When I was a small child I attended a primary school in an English village. Summers were long and hot, there were jumpers for goalposts and our school meals were awful. They were the creations of the school cook, a rather nice lady whose culinary output was probably stunted by a poor budget and the dead hand of Ministry of Education dieticians. It was with great surprise then when I moved to secondary school that I found the meals were rather good, worth looking forward to in fact, for they were assembled not by a cook, but a chef. With a white hat and all, very impressive.
My profession is usually referred to as search engine optimisation, often represented by the initialism SEO. You will rarely see either in my personal lexicon, instead I prefer search engine marketing.
My reasons for this are twofold: to give a sense of the wider task involved in helping a web site to increase its visibility in the search engines through legitimate means and to differentiate myself from the work of the blackhats in the gutter of my industry. A few years ago while contracting as a quality rater for the large search engine you probably use daily I spent a lot of time following up keyword stuffed link farms, valueless spam blogs and hidden or misleading rubbish from people who definitely refer to themselves as being in the SEO business, so for me the distinction is an important one. I'm lucky enough now to work in-house at a large publishing business and need never ply my trade further afield, so I see no reason to associate myself with the term SEO.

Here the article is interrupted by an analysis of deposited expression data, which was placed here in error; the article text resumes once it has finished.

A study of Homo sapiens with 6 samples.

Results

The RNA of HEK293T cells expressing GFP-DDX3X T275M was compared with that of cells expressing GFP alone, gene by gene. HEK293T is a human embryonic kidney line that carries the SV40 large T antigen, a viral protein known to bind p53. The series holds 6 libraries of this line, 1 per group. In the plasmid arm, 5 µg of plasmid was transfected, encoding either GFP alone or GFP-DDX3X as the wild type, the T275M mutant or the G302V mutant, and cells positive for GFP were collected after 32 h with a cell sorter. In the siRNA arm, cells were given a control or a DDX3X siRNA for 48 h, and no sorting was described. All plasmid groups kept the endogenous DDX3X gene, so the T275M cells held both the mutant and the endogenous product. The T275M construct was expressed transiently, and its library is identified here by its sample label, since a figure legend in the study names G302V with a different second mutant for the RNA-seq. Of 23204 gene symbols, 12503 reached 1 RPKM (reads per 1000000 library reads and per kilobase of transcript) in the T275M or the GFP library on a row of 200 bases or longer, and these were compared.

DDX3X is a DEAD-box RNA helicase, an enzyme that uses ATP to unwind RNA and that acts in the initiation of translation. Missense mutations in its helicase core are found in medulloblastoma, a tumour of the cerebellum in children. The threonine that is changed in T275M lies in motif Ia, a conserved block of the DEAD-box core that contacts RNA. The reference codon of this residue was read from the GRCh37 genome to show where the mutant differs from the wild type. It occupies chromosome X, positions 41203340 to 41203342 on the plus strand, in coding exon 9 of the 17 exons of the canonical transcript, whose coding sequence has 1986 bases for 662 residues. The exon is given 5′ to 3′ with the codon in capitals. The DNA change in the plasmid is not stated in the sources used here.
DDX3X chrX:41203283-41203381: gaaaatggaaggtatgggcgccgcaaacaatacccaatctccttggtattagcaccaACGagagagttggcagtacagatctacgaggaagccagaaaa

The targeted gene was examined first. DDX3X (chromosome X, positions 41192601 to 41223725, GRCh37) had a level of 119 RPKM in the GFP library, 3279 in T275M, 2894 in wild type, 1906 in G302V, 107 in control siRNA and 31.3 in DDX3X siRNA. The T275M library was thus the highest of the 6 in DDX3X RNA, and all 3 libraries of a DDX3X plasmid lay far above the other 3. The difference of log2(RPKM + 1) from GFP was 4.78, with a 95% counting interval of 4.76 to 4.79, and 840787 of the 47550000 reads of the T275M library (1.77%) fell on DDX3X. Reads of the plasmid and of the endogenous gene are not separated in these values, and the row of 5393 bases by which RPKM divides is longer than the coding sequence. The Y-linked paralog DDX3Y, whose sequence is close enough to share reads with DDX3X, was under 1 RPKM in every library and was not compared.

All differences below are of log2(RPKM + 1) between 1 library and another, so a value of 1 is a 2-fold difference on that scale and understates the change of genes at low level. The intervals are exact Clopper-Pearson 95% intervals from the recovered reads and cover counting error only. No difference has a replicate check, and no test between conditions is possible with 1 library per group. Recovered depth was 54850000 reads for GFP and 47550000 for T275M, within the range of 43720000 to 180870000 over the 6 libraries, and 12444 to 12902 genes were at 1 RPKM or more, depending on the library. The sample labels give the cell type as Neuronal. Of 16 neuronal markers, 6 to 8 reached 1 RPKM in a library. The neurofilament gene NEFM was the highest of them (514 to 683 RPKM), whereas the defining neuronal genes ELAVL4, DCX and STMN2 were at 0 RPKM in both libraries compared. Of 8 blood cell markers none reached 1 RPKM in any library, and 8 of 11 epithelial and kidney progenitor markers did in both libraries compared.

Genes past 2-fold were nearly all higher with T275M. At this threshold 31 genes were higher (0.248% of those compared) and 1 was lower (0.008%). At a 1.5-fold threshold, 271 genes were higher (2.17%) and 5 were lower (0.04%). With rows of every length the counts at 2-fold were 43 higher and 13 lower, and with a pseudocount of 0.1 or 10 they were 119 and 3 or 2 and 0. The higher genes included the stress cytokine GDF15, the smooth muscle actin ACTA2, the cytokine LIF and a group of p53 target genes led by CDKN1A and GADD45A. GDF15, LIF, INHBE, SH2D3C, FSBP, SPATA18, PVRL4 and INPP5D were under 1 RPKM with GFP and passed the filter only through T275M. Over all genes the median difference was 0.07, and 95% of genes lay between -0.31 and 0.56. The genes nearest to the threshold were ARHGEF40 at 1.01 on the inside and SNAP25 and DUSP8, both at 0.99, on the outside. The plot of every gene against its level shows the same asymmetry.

Looking at a Google Insights search comparing the two terms I find I'm at least not entirely alone. Search engine marketing is used about half as much as search engine optimisation(or optimization for a US search) but it's still a significant enough term for me to be able to describe myself thus without blank looks. Because as with the school catering staff of 1980s Oxfordshire, I'd rather be a chef than a cook.